Outcomes for second-time R01 resubmissions

It’s been over two years since the NIH revised their grant resubmission policy. This revision allows applicants whose R01 application (called an A0) and subsequent resubmission (an A1) are unsuccessful to submit a new application without having to demonstrate significant changes in scientific direction from the previously reviewed applications. When the policy went into effect in April of 2014, there was a sigh of relief but also uncertainty about how these “new” applications, now referred to as “virtual A2s,” would fare.

In a June 24 Open Mike blog post, NIH’s Deputy Director for Extramural Research, Michael Lauer, analyzes the data, showing the changed policy has slightly increased the success of second-time revisions.

Events-after-Unfunded-A1-Virtual-A2-analyses-for-final-blog

Events following unfunded A1 applications. Baseline: unfunded R01 applications in FY2014; subsequent application: at least one R01 or R21 application submitted by a PI in the baseline group; “virtual A2”: at least one subsequent application/award with text that significantly matched with the baseline group; “nonmatching”: at least one subsequent application/award without a significant text match in the “baseline” group. June 24, 2016 Open Mike.

Lauer and his team used text-mining software to identify these virtual A2s and to describe their review outcomes compared to other submissions from the same investigators. Following is a summary of their findings:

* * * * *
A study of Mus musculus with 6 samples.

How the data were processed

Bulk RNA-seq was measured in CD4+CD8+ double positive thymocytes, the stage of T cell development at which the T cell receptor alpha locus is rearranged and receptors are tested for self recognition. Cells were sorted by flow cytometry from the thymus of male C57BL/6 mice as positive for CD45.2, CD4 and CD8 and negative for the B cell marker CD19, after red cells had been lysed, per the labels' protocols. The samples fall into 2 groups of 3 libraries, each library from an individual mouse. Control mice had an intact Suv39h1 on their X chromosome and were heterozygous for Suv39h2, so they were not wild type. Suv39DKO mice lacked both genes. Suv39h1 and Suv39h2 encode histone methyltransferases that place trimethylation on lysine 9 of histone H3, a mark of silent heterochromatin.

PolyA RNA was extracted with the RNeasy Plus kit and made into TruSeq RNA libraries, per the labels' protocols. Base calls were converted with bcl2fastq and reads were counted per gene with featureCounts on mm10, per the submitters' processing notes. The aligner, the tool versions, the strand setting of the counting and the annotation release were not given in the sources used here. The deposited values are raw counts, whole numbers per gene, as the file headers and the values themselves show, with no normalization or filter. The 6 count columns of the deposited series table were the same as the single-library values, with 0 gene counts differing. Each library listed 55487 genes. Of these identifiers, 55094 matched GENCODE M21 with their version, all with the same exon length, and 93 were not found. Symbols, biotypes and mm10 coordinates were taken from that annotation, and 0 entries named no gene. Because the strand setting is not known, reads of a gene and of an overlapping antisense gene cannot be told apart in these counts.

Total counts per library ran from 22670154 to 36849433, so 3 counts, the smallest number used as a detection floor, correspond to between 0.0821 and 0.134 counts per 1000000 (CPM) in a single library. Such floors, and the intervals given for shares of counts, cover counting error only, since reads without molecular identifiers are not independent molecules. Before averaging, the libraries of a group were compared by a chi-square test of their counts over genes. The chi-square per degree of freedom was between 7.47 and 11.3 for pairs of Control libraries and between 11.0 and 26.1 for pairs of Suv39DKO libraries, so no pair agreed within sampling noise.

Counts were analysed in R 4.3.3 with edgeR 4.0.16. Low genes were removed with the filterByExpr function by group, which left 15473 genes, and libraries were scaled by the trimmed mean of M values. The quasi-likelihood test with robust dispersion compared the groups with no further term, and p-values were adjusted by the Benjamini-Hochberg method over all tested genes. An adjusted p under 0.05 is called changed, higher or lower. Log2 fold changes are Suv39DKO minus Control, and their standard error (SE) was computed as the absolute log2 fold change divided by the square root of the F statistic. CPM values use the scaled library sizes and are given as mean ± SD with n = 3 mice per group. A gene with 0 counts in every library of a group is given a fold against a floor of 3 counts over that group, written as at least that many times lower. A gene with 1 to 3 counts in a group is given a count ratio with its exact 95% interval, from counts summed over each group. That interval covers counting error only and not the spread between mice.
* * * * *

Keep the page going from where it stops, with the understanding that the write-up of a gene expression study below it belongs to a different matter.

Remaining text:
• Investigators are taking advantage of the new policy. For about 22% of unsuccessful A1 applications, NIH receives a materially similar subsequent submission, a virtual A2;
  • PIs were more likely to submit a virtual A2 if their unfunded A1 had been discussed and received relatively favorable scores;
  • Investigators who fail to obtain funding on an A1 remain active. 80% of the PIs with unsuccessful A1 applications submitted at least one application within the following fiscal year;
  • New investigators are less likely to submit virtual A2s; and
  • Of the cases in which at least one virtual A2 application was submitted, 20% had at least one application funded.

 


Julie Rogers is Research Development Associate in the Office of Research Funding & Development Services.